Microsoft Flight Simulator Experiment Finds Player Racing Against His Own Flight

Microsoft Flight Simulator Experiment Finds Player Racing Against His Own Flight

Reality VS In-Game has never been so awesome to watch.

While we were all sleeping comfortably in our beds, or maybe lying awake staring at the ceiling, Rami Ismail was out testing Asobo Studio’s Microsoft Flight Simulator while onboard an actual flight. The results of this fun experiment are surprisingly impressive!

As we already know, Microsoft Flight Simulator launched earlier this year and allows players to fly across the entire planet in a variety of different planes. The game uses real-world map data and weather to provide players with an almost true-to-life experience. It’s also seen videos surface online of players replicating real-life flight paths and comparing the two in terms of realism, but there’s something wacky about controlling a video game plane whilst being physically on board the very same thing.

Rami uploaded a video later in the thread of the takeoff due to issues with uploading. The video shows the planes taking off at similar heights of which Rami states that he enabled the AI to control the plane for him the moment he felt the real plane accelerating.

Apparently during takeoff though, the in-game plane turned the other way to get onto the same course, but “beyond that it’s pretty much the same. Clouds entry was seconds apart, climbing out of them was maybe 30-ish seconds difference.” He noted at one point that the planes both entered the “oceanic track at pretty similar entry points,” the main difference being that the in-game flight seemed to be 5-minutes ahead of reality.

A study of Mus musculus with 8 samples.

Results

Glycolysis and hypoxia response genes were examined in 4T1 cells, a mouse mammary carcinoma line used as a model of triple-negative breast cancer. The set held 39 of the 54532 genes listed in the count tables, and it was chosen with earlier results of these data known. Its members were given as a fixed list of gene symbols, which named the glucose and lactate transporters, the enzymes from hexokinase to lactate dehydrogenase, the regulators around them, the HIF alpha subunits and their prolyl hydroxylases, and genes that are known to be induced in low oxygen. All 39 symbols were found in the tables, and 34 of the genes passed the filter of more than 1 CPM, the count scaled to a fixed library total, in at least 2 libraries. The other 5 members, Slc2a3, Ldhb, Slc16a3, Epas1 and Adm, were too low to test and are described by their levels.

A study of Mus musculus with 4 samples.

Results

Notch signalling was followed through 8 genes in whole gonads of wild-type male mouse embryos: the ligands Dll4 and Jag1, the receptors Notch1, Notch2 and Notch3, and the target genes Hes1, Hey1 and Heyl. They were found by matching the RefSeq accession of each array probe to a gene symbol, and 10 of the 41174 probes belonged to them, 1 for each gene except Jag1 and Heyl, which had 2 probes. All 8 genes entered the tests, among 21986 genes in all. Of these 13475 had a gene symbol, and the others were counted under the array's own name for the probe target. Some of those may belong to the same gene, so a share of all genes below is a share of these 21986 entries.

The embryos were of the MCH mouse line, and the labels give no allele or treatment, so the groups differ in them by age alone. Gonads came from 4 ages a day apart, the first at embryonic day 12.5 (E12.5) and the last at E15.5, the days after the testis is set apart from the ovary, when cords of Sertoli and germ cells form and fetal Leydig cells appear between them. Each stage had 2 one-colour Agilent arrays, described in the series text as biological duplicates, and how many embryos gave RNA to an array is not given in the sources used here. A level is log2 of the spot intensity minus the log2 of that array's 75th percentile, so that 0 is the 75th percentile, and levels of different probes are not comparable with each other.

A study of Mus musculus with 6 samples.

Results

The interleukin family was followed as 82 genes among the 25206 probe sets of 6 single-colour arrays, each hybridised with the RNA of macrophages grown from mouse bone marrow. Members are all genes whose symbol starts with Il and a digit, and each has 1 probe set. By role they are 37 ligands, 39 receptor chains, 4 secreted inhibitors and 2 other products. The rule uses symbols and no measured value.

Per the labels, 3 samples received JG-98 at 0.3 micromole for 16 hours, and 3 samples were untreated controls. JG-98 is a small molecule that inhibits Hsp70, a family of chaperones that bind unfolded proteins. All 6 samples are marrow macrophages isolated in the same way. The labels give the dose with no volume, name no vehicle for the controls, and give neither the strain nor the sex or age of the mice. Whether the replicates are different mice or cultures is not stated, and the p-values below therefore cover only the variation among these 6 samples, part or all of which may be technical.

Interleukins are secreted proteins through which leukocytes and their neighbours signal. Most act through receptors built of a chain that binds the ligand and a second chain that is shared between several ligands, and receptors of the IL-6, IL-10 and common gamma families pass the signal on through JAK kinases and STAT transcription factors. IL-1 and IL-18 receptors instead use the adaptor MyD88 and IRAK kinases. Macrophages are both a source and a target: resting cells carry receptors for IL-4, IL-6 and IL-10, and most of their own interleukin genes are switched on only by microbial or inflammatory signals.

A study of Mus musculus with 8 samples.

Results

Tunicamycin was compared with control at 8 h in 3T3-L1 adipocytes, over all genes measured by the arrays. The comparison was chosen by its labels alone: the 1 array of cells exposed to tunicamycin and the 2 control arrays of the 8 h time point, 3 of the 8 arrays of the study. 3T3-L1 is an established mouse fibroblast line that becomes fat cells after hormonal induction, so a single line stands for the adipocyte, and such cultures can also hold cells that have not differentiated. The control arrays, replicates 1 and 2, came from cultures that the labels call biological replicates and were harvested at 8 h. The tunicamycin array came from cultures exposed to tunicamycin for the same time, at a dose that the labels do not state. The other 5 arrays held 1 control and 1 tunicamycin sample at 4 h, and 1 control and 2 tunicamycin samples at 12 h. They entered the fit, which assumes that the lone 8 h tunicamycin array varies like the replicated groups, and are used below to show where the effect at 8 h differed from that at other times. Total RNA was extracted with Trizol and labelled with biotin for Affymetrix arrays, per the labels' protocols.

Rami shared more details, noting that the real plane at the time of tweeting was 02:25 hours out from Amsterdam, while the in-game plane was on the same route, but 02:29 hours out from Amsterdam. He also started to notice how similar the clouds were and possibly the stars.

As the flight progressed, Rami said that the flight in-game reached Ireland roughly 6-minutes before the real-life flight reached Ireland. Then came the moment to start thinking about the descent, both versions of the flight being at 40kft. The two started the descent at the same time, something that seems to have been coincidental going by the tone of the tweet. Then a pretty video showing off the sunrises both in-game and in reality.

Eventually, it seems as if Rami beat the real-life version of the flight, noting that Microsoft Flight Simulator seemed to be roughly 4-minutes ahead of reality but the weather and lighting all matched.

It’s certainly a very interesting thing to witness and honestly blows my mind the more I think about it. Microsoft Flight Simulator became the biggest Xbox Game Pass for PC launch earlier this year, and VR support is due to be arriving this month.The game is currently available on PC.